Human Rights Watch (HRW) on Thursday commended Armenia’s new authorities for holding general elections widely recognized as democratic and “reviving” a criminal investigation into the 2008 post-election violence in Yerevan.
“International observers found that the December parliamentary vote was conducted with ‘broad public trust,’ and was free from abuses that marred past elections, including vote buying and pressure on voters,” the New York-based watchdog said in a statement attached to its annual report on human rights practices in more than 100 countries.
“Ensuring a free and fair vote is an important first step for Armenia’s new leadership,” the statement quoted Giorgi Gogia, HRW’s associate Europe and Central Asia director, as saying.
“But it’s only a beginning. The authorities need to use this mandate to push through reforms to address the human rights problems that brought people to the streets,” Gogia added in reference to last spring’s “velvet revolution” that brought Nikol Pashinian to power.
HRW’s World Report 2019 says that Pashinian “inherited a country plagued with corruption and myriad human rights problems,” including police brutality, domestic violence and discrimination against LGBT people.
“In a commendable move, the new authorities made progress in existing investigations into abuses that had been stalled for years,” it says, referring, among other things, to the renewed investigation into the deadly breakup of 2008 post-election protests in Yerevan.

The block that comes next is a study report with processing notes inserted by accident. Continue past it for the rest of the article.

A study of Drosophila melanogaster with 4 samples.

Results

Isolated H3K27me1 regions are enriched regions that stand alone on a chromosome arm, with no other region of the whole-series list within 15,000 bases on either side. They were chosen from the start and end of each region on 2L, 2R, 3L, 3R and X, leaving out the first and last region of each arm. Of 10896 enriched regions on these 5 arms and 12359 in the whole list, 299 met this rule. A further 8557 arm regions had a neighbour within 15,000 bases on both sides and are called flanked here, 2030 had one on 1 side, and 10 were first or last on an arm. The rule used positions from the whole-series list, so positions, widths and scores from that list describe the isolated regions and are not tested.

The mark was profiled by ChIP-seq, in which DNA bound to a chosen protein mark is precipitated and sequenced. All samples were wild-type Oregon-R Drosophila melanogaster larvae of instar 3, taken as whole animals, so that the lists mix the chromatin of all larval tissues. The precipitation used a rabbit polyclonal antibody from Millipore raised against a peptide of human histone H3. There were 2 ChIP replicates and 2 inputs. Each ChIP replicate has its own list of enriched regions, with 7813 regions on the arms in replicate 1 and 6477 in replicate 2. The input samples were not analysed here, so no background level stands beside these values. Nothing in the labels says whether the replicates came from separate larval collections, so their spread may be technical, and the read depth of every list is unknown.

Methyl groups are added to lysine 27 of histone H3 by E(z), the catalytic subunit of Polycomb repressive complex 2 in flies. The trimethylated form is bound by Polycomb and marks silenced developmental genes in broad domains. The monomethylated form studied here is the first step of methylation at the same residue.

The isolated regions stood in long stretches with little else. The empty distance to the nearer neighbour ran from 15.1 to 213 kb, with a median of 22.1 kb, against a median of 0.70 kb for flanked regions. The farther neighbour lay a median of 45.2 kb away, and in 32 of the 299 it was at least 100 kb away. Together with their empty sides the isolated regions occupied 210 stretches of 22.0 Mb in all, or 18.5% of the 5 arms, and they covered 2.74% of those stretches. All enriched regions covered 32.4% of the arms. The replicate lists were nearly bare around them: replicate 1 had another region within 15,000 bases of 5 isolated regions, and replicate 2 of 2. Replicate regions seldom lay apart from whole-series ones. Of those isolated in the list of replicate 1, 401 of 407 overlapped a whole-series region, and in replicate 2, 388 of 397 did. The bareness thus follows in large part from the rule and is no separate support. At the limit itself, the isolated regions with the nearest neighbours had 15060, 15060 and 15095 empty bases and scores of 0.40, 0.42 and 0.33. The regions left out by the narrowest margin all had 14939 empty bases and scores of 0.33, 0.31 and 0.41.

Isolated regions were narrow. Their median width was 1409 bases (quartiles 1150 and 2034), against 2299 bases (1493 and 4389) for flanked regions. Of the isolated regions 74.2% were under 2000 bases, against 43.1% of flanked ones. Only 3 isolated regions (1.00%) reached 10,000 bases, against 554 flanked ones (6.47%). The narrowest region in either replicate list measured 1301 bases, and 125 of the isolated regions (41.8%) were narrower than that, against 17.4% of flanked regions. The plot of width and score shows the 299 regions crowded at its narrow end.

The HRW report cites criminal charges brought in July against former President Robert Kocharian and two retired generals accused of illegally using Armenian army units against opposition supporters protesting against alleged fraud in the February 2008 presidential election. “The previous investigation was one-sided, with 52 protesters sent to prison,” it says.
Kocharian, who was again arrested in December, strongly denies the accusations, saying that they are part of a political “vendetta” launched by Prime Minister Pashinian. The latter was one of the main speakers at the 2008 protests and spent about two years in prison because of that.
“As the authorities deal with past grievances, they should fully respect due process rights for all detainees and ensure independence of the judiciary,” said HRW.
The watchdog also urged the authorities in Yerevan to tackle domestic violence and discrimination against LGBT people and ensure “quality education” for children with disabilities.
“The [former] authorities approved an action plan in February to carry out the 2017 domestic violence law, but the [current] government needs to increase the number of shelter spaces for domestic violence survivors, establish state-run shelters, and conduct public awareness campaigns about the issue,” said the HRW statement.
“The authorities also need to address widespread harassment, discrimination, and violence against lesbian, gay, bisexual, and transgender people,” it added. “Political parties and some politicians tried to exploit widespread homophobia and made hateful and derogatory comments during the pre-election period.”